Fatal road accidents on the rise
DESPITE a pledge to reduce road deaths by half, the number of casualties has continued to increase in the first eight months of this year. Nearly 3500 people have died on Myanmar’s roads from the start of the year until September 30, police officials announced at a conference held this week in Nay Pyi Taw.
“From January 1 to September 30, 2016, 11,970 accidents have been recorded leading to 19,095 injuries and 3480 deaths,” said Colonel Kyaw Htwe from the Myanmar Police Force in Nay Pyi Taw.
“On average, each day there are 43.85 accidents, 69.95 people injured and 12.75 deaths,” he added.
Last year, an average of 11.6 people were killed in automobile accidents each day. The casualties have climbed annually: In 2003, an average of 2.3 people were killed daily.
Based on current figures, the number of accidents, injuries and deaths on the country’s roads is slated to again surpass last year’s totals.
“Like in other developing countries, in Myanmar as more cars come on the roads there is an increase in accidents. That’s why we need to pay attention and work together to fight against road accidents like other ASEAN countries have done,” said U Zaw Min Oo, director general of the Road Transport Administration Department (RATD).
With almost 13 people dying as a result of traffic accidents each day, Myanmar’s roads are among the most dangerous in Southeast Asia.
The October 28 Policy Development Conference on Road Safety was organised jointly by Heineken subsidiary APB Alliance Brewery, the RATD, and the Ministry of Transportation and Communication.
The event was attended by representatives from various ministries, police departments, private sector companies, CSOs and MPs.
In a bid to curb the increasing number of deaths and injuries on the country’s roads, Minister for Transport and Communication U Thant Sin Maung announced at the conference that from November 1, cars without proper seatbelts would not be registered or re-registered.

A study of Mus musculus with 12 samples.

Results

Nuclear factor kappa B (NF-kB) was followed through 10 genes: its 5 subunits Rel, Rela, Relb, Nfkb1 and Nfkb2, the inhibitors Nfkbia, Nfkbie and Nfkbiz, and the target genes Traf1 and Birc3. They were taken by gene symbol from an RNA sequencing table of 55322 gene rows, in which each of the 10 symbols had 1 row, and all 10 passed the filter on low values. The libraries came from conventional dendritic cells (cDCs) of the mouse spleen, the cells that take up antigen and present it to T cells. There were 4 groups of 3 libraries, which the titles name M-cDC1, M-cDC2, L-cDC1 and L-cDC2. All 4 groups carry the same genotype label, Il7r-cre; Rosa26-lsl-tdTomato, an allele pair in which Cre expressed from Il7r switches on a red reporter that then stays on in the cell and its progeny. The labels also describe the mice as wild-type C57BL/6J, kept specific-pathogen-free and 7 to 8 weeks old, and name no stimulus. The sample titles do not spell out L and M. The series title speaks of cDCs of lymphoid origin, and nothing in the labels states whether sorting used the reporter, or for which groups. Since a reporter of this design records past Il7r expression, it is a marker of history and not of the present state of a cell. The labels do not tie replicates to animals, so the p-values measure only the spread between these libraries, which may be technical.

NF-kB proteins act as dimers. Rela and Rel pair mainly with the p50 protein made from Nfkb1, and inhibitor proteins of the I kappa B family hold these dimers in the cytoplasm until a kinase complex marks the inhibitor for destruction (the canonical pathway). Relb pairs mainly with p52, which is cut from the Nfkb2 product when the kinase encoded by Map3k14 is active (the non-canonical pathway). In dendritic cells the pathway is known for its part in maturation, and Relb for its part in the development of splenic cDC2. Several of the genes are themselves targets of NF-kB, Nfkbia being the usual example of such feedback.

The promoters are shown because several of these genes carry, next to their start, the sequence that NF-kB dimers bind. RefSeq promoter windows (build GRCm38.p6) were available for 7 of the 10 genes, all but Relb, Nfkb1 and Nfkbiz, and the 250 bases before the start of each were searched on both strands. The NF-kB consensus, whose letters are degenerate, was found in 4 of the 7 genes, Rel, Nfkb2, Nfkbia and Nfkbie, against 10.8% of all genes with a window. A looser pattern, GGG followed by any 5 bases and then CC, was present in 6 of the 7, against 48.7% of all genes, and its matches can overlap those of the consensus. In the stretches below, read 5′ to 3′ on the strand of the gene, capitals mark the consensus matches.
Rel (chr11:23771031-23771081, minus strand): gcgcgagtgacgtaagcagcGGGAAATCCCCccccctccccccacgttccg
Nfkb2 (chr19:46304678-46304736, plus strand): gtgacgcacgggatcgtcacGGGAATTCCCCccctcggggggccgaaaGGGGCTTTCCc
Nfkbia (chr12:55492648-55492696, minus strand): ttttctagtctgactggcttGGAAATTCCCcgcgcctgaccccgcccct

Deputy director Daw Pa Pa Lin of the RATD said her organisation would work on updating current regulations concerning seatbelts and baby seats in the near future.
For their part, the third co-host of the event, APB Alliance Brewery, said that they would continue to educate the public on road safety through the edutainment campaign they have been running since 2014.
“We expect our campaign to reach more than 15 million people through all possible channels to gain awareness for road safety and live saving rules. We have also created the Shwe Lann game app where the people can download and post cartoons. We will be able to reduce 50 percent of the road accidents by 2020,” said Zita Schellekens, director of corporate relations for APB Alliance.
Former MP Daw Nyo Nyo Thin lauded the hosts for their collaborative approach to the problem but called for greater public input.
“Collaborative actions are very important but in order to have true collaboration, we need to hear from the public. We should only implement policies that the public have cooperated on,” she said.
In the first eight months of this year, 12.75 people died on average each day in road accidents.